Sunday 12 May 2024

Santander Campaign – Day One

Campaign Map

The campaign opens with a surprise French attack on Villacayo

10 French army – hold Sarautz
11 French army – hold Bergara
12 French army – attack Villacayo

1 British army – hold Laredo
2 British army – hold Ramales
3 British army – defend Villacayo

Battle of Villacayo - Move 8

The battle opens with 35 French corps attacking 6 British corps in front of the town
34 French and 36 Vistula corps arrive on the table at the start of move 2
5 British and 9 Spanish corps are allowed to move at the start of move 2

5 British occupy the farm on the right
34 French attack but are driven off

35 French corps attack in the centre, supported by artillery from 34 corps
6 British retreat slowly towards the town to avoid combat and delay the French attack

36 Vistula and 9 Spanish arrive at the hill on the left at the same time
The Poles storm the hill, and the Spanish retreat to avoid combat

At nightfall the French have taken two of the three game objectives and won the game

The French have lost 6 infantry and 2 cavalry casualties (2600 men)
The British have lost 3 infantry, 3 cavalry and 1 artillery casualties (1600 men)


The French have lost more casualties, but the British have lost more cavalry and gunners. They also have two brigades in rout.

The heavy French casualties is because the British in the centre, and Spanish on the left, have retreated to avoid casualties. In doing so they abandoned two of the three game objectives, leaving the French the winners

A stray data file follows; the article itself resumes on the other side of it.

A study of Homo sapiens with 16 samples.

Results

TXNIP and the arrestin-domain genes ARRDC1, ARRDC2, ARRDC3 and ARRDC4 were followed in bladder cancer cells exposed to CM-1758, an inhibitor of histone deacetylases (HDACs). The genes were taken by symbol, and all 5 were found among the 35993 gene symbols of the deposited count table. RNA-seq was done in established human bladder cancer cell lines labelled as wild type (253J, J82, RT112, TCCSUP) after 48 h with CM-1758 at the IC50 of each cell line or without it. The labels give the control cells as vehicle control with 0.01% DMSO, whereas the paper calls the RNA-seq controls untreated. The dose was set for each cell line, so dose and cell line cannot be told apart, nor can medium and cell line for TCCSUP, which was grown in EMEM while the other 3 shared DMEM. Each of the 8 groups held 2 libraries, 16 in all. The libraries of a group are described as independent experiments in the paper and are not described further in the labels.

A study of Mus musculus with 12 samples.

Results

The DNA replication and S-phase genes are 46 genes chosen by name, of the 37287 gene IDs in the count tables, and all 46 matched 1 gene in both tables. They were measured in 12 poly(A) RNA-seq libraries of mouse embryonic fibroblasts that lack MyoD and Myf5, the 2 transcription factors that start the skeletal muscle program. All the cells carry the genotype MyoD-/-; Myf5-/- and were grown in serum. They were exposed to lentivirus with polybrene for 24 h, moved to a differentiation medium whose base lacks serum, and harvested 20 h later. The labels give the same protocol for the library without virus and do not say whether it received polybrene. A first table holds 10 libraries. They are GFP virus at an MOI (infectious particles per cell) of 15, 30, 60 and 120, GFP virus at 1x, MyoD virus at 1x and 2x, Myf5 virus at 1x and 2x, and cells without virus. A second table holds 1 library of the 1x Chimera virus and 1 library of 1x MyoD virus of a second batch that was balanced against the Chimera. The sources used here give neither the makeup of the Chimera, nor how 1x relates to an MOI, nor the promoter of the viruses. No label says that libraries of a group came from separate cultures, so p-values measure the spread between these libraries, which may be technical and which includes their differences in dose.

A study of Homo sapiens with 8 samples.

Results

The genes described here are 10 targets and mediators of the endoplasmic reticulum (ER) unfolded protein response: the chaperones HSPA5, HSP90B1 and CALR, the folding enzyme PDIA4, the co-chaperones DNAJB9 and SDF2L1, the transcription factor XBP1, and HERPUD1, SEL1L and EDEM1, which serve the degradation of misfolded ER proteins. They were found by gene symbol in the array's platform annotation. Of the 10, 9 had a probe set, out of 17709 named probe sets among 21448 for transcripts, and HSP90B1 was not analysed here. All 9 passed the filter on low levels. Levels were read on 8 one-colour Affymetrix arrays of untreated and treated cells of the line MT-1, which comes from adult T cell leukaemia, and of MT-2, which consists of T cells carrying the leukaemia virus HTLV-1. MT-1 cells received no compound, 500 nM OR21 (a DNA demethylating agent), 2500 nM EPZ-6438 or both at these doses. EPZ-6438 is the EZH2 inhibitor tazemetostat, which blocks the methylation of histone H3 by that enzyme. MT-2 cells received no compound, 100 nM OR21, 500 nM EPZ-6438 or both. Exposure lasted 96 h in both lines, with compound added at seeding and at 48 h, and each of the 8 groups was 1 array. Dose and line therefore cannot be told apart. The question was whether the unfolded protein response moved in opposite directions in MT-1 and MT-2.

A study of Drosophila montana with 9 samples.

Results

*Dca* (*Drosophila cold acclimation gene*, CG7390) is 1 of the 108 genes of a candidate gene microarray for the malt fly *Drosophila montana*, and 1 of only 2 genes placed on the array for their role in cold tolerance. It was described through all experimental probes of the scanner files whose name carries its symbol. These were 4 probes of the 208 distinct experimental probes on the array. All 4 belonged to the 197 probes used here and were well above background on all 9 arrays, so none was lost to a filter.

However there was more to it than that.

The British cavalry suffered heavy defeat due to really poor dice throw. This allowed the French to advance their cavalry and threaten the allied artillery.

The French suffered a similar defeat, again due to poor dice, on their attack on the farm on the right. They should have won the attack, but they rolled 3x1 and 1x2 out of 6 dice.

Although I would prefer that the dice did not play such an important role in the outcome, it is not too bad if it happens to both sides. It is also the only way to achieve a fast flowing game when both players understand the rules, and each other, so well. If neither side make a mistake, and if both can anticipate what the other is likely to do, the result is often a very slow moving and boring wargame.

This strong influence of luck, in the form of the dice, helps to add an element of unpredictably and total surprise to a game. Normally the attacker, usually me, is very cautious in the opening part of the game. Hoping to achieve casualties with his artillery, or cavalry, before risking his infantry in a frontal attack. If I can achieve this, the attack usually wins. It is pretty unusual to roll such poor dice, but it can (and did) happen in this game.

This is not a style which would suit everyone, but it does suit us.